By Lauren Drewes Daniels
By Alice Laussade
By City of Ate
By Scott Reitz
By Lauren Drewes Daniels
By Alice Laussade
Though not spawned from the same wastewater as the house wines, the entrées still flailed in mediocrity. Steak au poivre was a flat-flavored, mealy strip of flesh dressed in a tire-black crust with a barely perceptible pepper tread. Salmon, branded with hatch grill marks, was equally bland and thoroughly parched besides. Plus, it didn't flake. Duck a l'orange, parked on a bed of spinach with thin almond slices, sat in a sauce that was watery instead of rich. The duck flesh itself was chewy and rubbery with a rank, gamy flavor that made it seem like gnawing on a wet dog.
Perhaps the best entrée sampled was the linguini in red sauce. The pasta was firm, and the sauce was light and smooth in texture, yet full-flavored.
But our most profound We Oui spectacle occurred at lunch. It was an afternoon when Romano himself strolled into the restaurant with a small klatch of guests and took seats at the table next to us.
Monday-Friday 11 a.m.-3 p.m.
Friday & Saturday
5 p.m.- 2 a.m.
Onion soup $4
We ordered frog legs and the club crepe (chicken, ham, and cheese). Both plates were generous heapings of food. Frog legs, battered and fried golden red, were well-seasoned, greaseless, and tender, with full, fleshy thighs. Along one side was a pile of those delicious pommes frites. On another was a mound of greens flecked with diced tomato and haricots verts spread over the top. A ramekin of stiff, forgettable hollandaise for dipping teetered on the plate's edge.
The crepe sandwich, a huge folded sheet swaddling pedestrian scraps of chicken and ham and stingily scattered bits of brie, had the consistency of a deflated whoopee cushion (Bun Man?). Next to the big rubbery crepe was a salad topped with more haricots verts.
But the true dynamism of these entrées didn't emerge until I swapped my frog legs for the club crepe of my lunch companion. It was she who discovered the true depth of the dish. Just after she set the plate down at her place and picked up one of those golden legs to gnaw, the leaves began to move, the ones upon which the haricots verts rested. And just like that it was out. She screamed.
Right there, on the plate's edge, was a bug the size of a Bentley, a car that, incidentally, Romano drives. It was fluttering its translucent wings, only it couldn't take flight on account of the oily vinaigrette wreaking havoc with its aerodynamics. It limped around the plate, its wings spread, like some sort of aborted Leonardo da Vinci experiment.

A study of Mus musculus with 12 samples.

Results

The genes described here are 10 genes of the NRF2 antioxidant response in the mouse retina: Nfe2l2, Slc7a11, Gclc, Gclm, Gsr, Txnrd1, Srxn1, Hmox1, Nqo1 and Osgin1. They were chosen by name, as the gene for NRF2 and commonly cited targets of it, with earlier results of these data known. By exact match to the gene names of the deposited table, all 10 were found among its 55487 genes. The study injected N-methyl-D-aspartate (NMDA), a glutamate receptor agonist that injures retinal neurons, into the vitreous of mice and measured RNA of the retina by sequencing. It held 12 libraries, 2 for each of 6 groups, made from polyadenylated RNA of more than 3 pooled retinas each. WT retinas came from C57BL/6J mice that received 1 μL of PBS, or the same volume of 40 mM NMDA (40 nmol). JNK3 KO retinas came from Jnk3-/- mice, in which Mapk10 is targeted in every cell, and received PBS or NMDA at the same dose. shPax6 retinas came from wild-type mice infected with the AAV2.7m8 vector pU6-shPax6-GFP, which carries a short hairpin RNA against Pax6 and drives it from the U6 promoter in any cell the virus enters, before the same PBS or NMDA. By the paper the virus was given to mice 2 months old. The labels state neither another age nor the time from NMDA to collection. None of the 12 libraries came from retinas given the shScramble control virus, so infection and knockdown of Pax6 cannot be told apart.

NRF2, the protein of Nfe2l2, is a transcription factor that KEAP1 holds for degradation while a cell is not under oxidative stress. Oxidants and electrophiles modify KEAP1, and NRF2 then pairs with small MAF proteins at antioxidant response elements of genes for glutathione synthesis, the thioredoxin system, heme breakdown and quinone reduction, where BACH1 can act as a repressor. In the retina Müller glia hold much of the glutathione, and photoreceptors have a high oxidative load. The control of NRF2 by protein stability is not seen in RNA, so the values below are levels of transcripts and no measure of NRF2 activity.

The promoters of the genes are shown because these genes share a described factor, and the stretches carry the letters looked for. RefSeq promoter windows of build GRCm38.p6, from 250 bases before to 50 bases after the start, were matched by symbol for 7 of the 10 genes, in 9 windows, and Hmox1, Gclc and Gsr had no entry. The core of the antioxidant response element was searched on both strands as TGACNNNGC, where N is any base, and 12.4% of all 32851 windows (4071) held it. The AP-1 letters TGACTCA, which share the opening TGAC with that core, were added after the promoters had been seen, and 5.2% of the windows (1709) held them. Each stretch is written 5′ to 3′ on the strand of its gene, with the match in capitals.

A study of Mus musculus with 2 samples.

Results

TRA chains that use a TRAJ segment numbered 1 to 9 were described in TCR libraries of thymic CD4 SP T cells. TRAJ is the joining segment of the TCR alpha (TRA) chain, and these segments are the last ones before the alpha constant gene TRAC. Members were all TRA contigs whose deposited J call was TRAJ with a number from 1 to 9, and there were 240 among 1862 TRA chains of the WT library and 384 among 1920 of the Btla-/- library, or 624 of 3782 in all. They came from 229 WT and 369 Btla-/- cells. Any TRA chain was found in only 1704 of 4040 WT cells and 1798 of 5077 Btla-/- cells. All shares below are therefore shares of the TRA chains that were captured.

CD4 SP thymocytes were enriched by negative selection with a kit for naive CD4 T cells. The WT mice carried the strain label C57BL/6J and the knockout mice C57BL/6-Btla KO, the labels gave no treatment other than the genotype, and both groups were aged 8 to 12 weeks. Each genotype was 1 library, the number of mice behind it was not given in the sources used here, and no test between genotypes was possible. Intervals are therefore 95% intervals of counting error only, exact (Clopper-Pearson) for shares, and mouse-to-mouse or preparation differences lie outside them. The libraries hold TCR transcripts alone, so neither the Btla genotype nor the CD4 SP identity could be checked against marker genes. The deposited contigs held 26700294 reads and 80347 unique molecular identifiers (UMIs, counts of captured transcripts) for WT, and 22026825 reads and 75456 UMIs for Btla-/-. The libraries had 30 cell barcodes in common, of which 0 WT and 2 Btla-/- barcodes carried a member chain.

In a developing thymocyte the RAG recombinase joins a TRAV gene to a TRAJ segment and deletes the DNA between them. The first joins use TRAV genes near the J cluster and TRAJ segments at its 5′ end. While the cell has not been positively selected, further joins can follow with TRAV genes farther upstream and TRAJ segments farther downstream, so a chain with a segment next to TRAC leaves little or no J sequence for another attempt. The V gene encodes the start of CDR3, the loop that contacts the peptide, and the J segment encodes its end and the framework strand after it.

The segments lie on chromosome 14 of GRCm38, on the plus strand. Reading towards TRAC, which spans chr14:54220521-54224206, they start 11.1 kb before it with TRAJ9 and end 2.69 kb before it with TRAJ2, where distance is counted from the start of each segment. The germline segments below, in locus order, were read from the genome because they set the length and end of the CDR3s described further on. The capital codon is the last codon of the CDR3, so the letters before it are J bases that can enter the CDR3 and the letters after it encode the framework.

Having been a prep cook for a number of years and having washed numerous heads of lettuce and countless bunches of greens, I can attest to the large number of critters that find their way into restaurant produce. Yet amazingly, I have never come across a food-borne insect in a Dallas restaurant. In fact, I've never detected one in a restaurant anywhere, though that doesn't mean I haven't eaten a few. My companion swears she has discovered dead fruit flies in her food on several occasions over the years. But neither of us has ever seen or heard of a living, thriving vermin crawling out from under a side dish to frolic with the radicchio, and certainly not one of such epic proportions.
In all fairness, once the bug showed his face, the response of the We Oui staff was swift, decisive, and gracious. Drawn by my companion's scream, the busboy immediately took the plate and presented it to the manager and Executive Chef Nick Badovinus, a Mansion alumnus who looks like a surfer from Venice Beach. Badovinus promptly stopped by our table, apologized, and comped the whole lunch, which is to be expected. Yet Badovinus handled it with style and flair and, well...what is he doing at a place with lips on the walls and flavored condoms as nightcaps?
Now my entomological acuity has certainly faded since college, but after consulting a few textbooks, I believe I have pinned down this We Oui side salad mascot. It is blaberus craniifer, or a giant South American cockroach. These shy nocturnal creatures breed well in captivity, love warmth, and move about under rotting plant matter, which should in no way be construed as a slam against We Oui salads. When aroused, these bugs emit a hissing sound, except, one presumes, when they are covered in salad dressing.
Yet the blaberus craniifer presents a substantially relevant opportunity for We Oui. Because now at last call, in conjunction with those We Oui condoms flavored with a kiss of mint, Romano can take his social responsibility to a new level and distribute little motels.